RHI scandal: Only DUP and Sinn Fein not backing public inquiry

Martin McGuinness said Arlene Foster would speak in the Assembly on Monday in a personal capacity, not as first minister
Martin McGuinness said Arlene Foster would speak in the Assembly on Monday in a personal capacity, not as first minister

The DUP and Sinn Féin remain the only major parties yet to back calls for a “judge-led public inquiry” to get to the bottom of the RHI scandal.

The two largest political parties in Northern Ireland are each, however, calling for some form of “an independent investigation”, but appeared to stop just short of calling for a public inquiry.

Every other major party in Northern Ireland has given at least some form of support in recent days to a public inquiry.

Asked specifically whether they would support former DUP minister Jonathan Bell’s calls for a “judge-led public inquiry”, both the DUP and Sinn Féin declined the opportunity to back the proposal.

The DUP are proposing, instead, “an independent investigation, free from political interference”, but say the precise details have yet to be worked out.

Sinn Féin are proposing an “independent, time-framed and robust investigation” and will call on Arlene Foster to step aside to allow it to take place.

Martin McGuinness MLA said: “Sinn Féin will bring forward a proposal to the Assembly which calls on the first minister to stand aside until this independent investigation brings forward a preliminary report.”

First Minister Arlene Foster is to make a highly anticipated statement on the RHI scandal on Monday.

Mr McGuinness said on Sunday: “The statement which Arlene Foster plans to make to the Assembly tomorrow does not have my authority or approval as deputy first minister. We have told the DUP this.

“If she speaks this will be in a personal capacity and not in her role as first minister.

“There is no credibility in an inquiry established solely by the DUP or in the selective release of some documents by DUP departments.

“If the DUP does take a unilateral approach, disregarding the authority and joint nature of the Executive Office on an issue which is cross-cutting, with massive budgetary implications and which is undermining public confidence in the political institutions, this will have grave consequences.”

Asked whether they would support a public inquiry, a DUP spokesperson said: “The DUP supports the need for an independent investigation, free from partisan political interference, to establish the facts around the RHI scheme.

“We are of the view that the conclusions of any investigation must be made public and that any investigation must be conducted speedily to assist in the process of building public confidence.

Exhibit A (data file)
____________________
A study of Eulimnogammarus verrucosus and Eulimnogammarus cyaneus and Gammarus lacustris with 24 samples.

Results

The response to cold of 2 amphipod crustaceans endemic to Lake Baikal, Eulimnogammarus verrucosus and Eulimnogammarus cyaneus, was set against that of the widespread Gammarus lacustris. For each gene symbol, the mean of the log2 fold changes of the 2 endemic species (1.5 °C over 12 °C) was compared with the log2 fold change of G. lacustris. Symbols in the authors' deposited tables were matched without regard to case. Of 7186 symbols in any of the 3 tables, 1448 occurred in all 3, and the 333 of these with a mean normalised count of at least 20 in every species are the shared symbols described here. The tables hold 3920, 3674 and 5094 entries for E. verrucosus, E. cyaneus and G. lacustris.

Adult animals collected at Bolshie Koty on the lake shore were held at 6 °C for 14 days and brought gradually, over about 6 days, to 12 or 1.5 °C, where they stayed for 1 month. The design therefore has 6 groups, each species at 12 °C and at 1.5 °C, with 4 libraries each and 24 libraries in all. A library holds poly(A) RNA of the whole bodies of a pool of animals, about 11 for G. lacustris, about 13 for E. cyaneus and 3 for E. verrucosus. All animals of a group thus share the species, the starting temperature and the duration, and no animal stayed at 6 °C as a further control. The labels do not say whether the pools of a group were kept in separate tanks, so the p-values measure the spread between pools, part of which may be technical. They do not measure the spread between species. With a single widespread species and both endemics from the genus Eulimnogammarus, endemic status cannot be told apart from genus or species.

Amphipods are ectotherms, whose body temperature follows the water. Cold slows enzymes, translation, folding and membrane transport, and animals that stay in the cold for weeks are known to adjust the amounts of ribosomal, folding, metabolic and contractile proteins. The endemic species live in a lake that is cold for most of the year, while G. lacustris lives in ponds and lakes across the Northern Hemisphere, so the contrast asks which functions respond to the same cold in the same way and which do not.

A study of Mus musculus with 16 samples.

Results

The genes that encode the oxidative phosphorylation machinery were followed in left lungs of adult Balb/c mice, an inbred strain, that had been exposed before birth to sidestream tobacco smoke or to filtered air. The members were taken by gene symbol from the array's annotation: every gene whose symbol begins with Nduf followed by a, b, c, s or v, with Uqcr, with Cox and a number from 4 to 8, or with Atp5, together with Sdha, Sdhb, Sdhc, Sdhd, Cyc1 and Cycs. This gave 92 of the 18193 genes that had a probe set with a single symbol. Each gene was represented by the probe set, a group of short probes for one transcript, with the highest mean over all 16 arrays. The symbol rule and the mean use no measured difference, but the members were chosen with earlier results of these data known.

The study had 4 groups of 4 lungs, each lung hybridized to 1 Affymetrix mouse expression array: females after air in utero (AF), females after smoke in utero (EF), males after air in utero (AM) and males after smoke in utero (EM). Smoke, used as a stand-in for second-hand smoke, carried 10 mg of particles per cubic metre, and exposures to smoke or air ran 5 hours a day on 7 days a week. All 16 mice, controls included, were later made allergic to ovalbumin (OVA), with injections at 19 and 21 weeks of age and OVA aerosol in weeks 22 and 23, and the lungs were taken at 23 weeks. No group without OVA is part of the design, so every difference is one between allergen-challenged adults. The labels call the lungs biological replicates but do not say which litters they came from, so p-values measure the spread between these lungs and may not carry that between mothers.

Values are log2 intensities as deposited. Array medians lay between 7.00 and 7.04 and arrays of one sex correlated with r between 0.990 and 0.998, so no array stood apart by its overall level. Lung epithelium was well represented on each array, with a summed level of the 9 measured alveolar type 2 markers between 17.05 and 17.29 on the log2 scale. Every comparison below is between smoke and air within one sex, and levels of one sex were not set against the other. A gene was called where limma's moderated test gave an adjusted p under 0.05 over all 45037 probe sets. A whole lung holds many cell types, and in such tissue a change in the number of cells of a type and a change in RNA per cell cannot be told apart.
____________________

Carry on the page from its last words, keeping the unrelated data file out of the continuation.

“We have been working to reach agreement with officials and others on the precise details.”

Last night Sinn Fein has published the text of a motion which it will table at Stormont on Monday and which gives the most detail yet on the party’s likely position on what form the RHI inquiry will take.

Sinn Fein, which has been under pressure from some supporters over what they see as its restrained approach to the crisis engulfing the DUP, said that it wanted to see an independent inquiry led by “an independent judicial figure from outside this jurisdiction and appointed by the attorney general”.

However, the party stopped short of calling for a full public inquiry overseen by a judge. That means that the inquiry envisaged by Sinn Fein is likely to sit behind closed doors and may not have powers to compel witnesses and documentation.

The Sinn Fein motion says: “This investigation must establish how the RHI was developed in strategic policy and legislative terms, including its primary purpose and objectives; how the scheme’s operational roll-out was agreed, administered and implemented in order to match these objectives; and thereafter where overall accountability and compliance for the RHI scheme rested in both policy and financial accountability terms – and were these achieved in the view of the independent investigator.”

It also said the probe should investigate “the motives and actions of ministers, special advisors, civil servants, and any others involved” and to establish whether there was a conflict of interest for any of those involved in setting up or running the scheme.

The four-month probe would also investigate all applications and determine in each case whether there is a legal basis to recover money or refer individuals to the police for criminal investigation.